Agregue a sus temas de interés Cerrar
martes, 5 de noviembre de 2019
By Mary Anastasia O’Grady
At press time it was too early to call a winner in Argentina’s presidential election Sunday. But Peronist Alberto Fernández and his vice-presidential running mate, former President Cristina Kirchner, were widely expected to defeat the re-election bid of center-right President Mauricio Macri.
Primary results in August indicated that voters blame the incumbent for high inflation, the rising cost of public services and anemic economic growth. Yet a Fernández-Kirchner win implies a return to the left-wing populism that has long undermined Argentine living standards. Mrs. Kirchner’s government (2007-2015) was notoriously corrupt and used its power to deny due process to its political enemies.
Mr. Macri made many mistakes, but he aimed for a more market-oriented economy and to restore the rule of law. His loss could turn out to be bad news for millions of Argentines who yearn for greater freedom.
Yet no one expects Argentina’s center-right, if it loses, to go rampaging through the streets, burning cars, stealing, blocking roads and destroying public transportation. That kind of politics is the specialty of the left. It has been on display this month in Chile, where left-wing terrorists savaged Santiago and cities around the country with violence.
This happened in a nation that, as the newspaper La Tercera reported on Oct. 5, has seen the poverty rate fall below 9%, down from 68% in 1990. Income inequality has also been coming down.
There is still plenty of work to do. But civilized societies settle questions of governance at the ballot box and through independent institutions, not with firebombs. So why is the democratically elected Chilean President Sebastián Piñera back on his heels, with little support from “democrats” in the media, academia and politics, after weeks of violence in the nation’s streets? It’s a double standard that deserves attention.
The uprising in Chile began Oct. 7 when groups of students in Santiago jumped subway turnstiles to protest a fare increase. In the days that followed, peaceful protests and further incidents of lawlessness spread throughout the country. On Saturday over a million demonstrators poured into the streets of Santiago to voice grievances-reportedly everything from the high cost of living to income inequality and climate change.
Yet it is unlikely that the eyes of the world would be on Chile if not for the perpetrators of violence, who took advantage of the moment to wreak havoc and demand a new constitution. Subway stations were destroyed, and supermarkets and other stores were looted and burned. Some 18 people died, most of them caught in fires during the looting.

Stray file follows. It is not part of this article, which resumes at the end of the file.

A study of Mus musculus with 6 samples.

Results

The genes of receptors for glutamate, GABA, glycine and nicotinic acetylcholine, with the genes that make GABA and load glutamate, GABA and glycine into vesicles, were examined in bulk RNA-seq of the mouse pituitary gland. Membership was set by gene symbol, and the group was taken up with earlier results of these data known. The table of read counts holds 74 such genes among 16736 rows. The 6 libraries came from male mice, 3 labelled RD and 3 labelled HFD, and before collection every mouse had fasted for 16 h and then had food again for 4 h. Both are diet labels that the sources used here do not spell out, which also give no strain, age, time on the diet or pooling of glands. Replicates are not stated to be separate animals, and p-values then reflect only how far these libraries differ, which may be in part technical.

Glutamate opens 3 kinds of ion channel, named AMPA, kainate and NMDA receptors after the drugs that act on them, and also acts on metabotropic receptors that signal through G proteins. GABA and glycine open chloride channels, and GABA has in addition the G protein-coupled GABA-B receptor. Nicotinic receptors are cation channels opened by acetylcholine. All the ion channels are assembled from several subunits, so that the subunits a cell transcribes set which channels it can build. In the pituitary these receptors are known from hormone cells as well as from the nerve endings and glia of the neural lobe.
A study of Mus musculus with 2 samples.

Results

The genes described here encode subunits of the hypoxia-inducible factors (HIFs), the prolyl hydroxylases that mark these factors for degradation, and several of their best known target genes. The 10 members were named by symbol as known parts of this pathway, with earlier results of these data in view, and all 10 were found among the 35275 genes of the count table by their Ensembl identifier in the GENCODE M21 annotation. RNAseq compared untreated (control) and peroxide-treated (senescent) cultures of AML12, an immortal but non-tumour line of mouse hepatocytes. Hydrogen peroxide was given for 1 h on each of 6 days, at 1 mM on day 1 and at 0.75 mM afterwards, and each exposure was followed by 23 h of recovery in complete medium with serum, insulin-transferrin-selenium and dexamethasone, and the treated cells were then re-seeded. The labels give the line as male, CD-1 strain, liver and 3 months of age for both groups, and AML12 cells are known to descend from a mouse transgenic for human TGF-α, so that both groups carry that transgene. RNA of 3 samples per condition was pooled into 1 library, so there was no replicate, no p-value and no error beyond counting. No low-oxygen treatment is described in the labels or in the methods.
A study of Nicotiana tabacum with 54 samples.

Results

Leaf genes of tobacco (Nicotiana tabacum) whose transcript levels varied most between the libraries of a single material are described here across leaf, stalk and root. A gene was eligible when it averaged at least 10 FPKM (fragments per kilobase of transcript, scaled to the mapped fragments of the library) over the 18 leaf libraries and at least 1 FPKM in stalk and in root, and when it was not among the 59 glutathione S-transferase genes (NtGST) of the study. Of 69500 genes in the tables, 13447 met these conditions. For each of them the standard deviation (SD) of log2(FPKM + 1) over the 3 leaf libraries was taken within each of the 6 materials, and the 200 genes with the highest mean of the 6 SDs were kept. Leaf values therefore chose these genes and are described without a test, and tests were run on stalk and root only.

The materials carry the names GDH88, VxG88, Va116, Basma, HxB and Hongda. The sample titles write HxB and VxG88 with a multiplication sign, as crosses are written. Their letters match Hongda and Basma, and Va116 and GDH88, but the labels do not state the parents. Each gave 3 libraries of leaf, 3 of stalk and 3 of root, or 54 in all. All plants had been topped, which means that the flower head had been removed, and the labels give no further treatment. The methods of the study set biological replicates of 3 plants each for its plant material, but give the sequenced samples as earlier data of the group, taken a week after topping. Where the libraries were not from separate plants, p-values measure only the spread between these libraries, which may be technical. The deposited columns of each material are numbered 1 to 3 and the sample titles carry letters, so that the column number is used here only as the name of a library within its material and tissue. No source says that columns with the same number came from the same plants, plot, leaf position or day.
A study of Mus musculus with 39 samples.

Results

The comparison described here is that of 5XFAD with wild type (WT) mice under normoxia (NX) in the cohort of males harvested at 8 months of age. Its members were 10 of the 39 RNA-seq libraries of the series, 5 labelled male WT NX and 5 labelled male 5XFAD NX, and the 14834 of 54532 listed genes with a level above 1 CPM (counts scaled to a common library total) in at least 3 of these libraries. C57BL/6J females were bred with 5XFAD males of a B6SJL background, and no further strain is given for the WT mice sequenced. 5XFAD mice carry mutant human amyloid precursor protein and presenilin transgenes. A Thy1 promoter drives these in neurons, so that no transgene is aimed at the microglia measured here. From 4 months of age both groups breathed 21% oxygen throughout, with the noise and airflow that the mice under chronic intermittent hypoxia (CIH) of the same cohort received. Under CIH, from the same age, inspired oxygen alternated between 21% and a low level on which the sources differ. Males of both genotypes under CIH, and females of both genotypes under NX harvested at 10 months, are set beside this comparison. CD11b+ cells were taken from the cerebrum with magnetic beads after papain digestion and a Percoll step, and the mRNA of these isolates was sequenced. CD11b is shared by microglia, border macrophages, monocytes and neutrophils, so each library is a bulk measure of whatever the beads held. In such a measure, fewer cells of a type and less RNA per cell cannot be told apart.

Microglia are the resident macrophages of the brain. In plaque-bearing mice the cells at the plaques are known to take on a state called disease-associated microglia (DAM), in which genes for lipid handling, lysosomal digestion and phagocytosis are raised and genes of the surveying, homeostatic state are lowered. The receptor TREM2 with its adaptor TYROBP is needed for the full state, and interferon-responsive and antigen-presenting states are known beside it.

Mr. Piñera was forced to declare a state of emergency and put the army on the street to protect property and life. But empathy isn’t the president’s strong suit, and in the absence of an effective communications team the narrative is now controlled by his adversaries.
The central government already subsidizes nearly half the public transportation fare in Santiago. What’s more, student fares didn’t go up. The independent commission charged with setting the prices announced an increase of 3.75% for peak riders on the metro; off-peak fares were reduced.
Fare increases are never popular. But the hard left has spent years planting socialism in the Chilean psyche via secondary schools, universities, the media and politics.
Even as the country has grown richer than any of its neighbors by defending private property, competition and the rule of law, Chileans marinate in anticapitalist propaganda. The millennials who poured into the streets to promote class warfare reflect that influence.
The Chilean right has largely abandoned its obligation to engage in the battle of ideas in the public square. Mr. Piñera isn’t an economic liberal and makes no attempt to defend the morality of the market. He hasn’t even reversed the antigrowth policies of his predecessor, Socialist Michelle Bachelet. Chileans have one side of the story pounded into their heads. As living standards rise, so do expectations. When reality doesn’t keep up, the ground is already fertile for socialists to plow.
The violence has another explanation. To chalk it up to spontaneity requires the suspension of disbelief. As one intelligence official in the region told me Friday: “It takes a lot of money to move this number of people and to engage them in this level of violence.” The explosive devices used, he said, were “far more sophisticated than Molotov cocktails.”
Foreign subversives are suspected of playing a key role, with Cuba and Venezuela at the top of the list. The São Paulo Forum, a group of hard-left socialists put together by Fidel Castro in 1990 after the fall of the Berlin Wall, espouses this radicalism.
The actual list of assailants, we don’t know. But Chile has been hit by a well-organized enemy out to bring down the democratic government. That’s something that should alarm all free societies in the region.